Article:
Addressing the Disability Workforce Crisis of the 21st Century
The Direct Support Professional workforce shortage is a national public health crisis. Direct support professionals are the backbone of publicly funded long-term supports and services for people with intellectual and developmental disabilities (IDD) such as autism, cerebral palsy and Down Syndrome. These professionals are integral to helping individuals with disabilities live successfully in the community, avoid more costly institutional care, and enable states to comply with the integration mandate of the Americans with Disabilities Act.
According to the National Core Indicator’s 2016 survey of 17 states, the average turnover rate for direct support professionals is 45 percent. This frequent churn of staff is highly disruptive to the development of skills critical to gain independence and access community living, compromises health and safety, and is increasingly impacting the ability of states and providers to serve people and families on waiting lists for services. This affects individual and family income, health and safety, and participation in society.
Key factors in the workforce crisis are:
Current Medicaid provider rates perpetuate poverty level wages. Providers, price-takers and not price-setters, struggle to compete against other employers to attract and retain qualified staff;
- Limited opportunities for career advancement;
- Public policy that has been slow to reflect advances in administrative, assistive and other technologies that promote staff efficiencies;
Low public awareness and recognition for the DSP occupation challenge employer recruitment strategies;
The workforce is primarily composed of working-age women, but in the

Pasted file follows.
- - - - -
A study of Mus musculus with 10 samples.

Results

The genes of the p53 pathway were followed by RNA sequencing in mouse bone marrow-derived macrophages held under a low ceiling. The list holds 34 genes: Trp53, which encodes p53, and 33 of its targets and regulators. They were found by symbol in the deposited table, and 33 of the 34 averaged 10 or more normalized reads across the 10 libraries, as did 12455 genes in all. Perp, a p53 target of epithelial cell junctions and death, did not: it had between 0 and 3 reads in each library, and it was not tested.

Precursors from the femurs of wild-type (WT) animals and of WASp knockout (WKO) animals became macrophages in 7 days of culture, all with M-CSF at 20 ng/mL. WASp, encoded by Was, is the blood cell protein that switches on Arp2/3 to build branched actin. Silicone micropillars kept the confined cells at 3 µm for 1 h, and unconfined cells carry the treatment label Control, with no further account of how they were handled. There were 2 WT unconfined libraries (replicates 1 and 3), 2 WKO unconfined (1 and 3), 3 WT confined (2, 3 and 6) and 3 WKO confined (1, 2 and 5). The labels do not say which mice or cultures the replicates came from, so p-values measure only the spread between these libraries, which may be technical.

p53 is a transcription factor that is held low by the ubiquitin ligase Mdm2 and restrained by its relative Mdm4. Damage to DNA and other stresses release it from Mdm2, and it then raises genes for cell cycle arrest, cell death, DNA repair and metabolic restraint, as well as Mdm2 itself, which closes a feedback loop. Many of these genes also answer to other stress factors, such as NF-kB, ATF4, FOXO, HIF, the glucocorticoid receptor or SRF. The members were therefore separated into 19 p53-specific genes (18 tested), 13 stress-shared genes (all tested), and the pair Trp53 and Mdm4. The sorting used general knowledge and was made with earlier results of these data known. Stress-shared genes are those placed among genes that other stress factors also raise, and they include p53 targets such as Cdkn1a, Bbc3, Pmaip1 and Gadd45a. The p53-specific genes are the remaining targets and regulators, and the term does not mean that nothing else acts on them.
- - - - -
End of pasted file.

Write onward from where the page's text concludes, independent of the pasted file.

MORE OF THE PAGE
coming decade far less women will be entering the entire labor market. This will make it even more difficult to staff positions even as demand for services is expected to markedly rise.
Data from 2016 NCI Study.
ANCOR’s solutions include:
- Proposals for greater federal and state investment that would lead to higher wages and better reflect realities in the field – such as using more appropriate rate setting tools;
- Examples of public awareness campaigns and recruitment “best practices”;
- Guidelines for more effective use of technology;
- Different career models that provide opportunities for promotion and specialization;
- Suggestions for additional groups providers could recruit into the DSP occupation.
The national turnover rate for Direct Support Professionals is 45 percent.
Stakeholders have already given a lot of thought to how to solve the DSP workforce crisis over the past decade. However, the current fiscal climate, low political appetite and lack of public awareness or appreciation of these services make it hard to foster innovation in this field. ANCOR hopes to foster discussion and policy initiatives that will allow DSPs and the people they support to thrive in the manner they deserve.
Contact: Ms. Esme Grant Grewal at firstname.lastname@example.org or Ms. Doris Parfaite-Claude at email@example.com.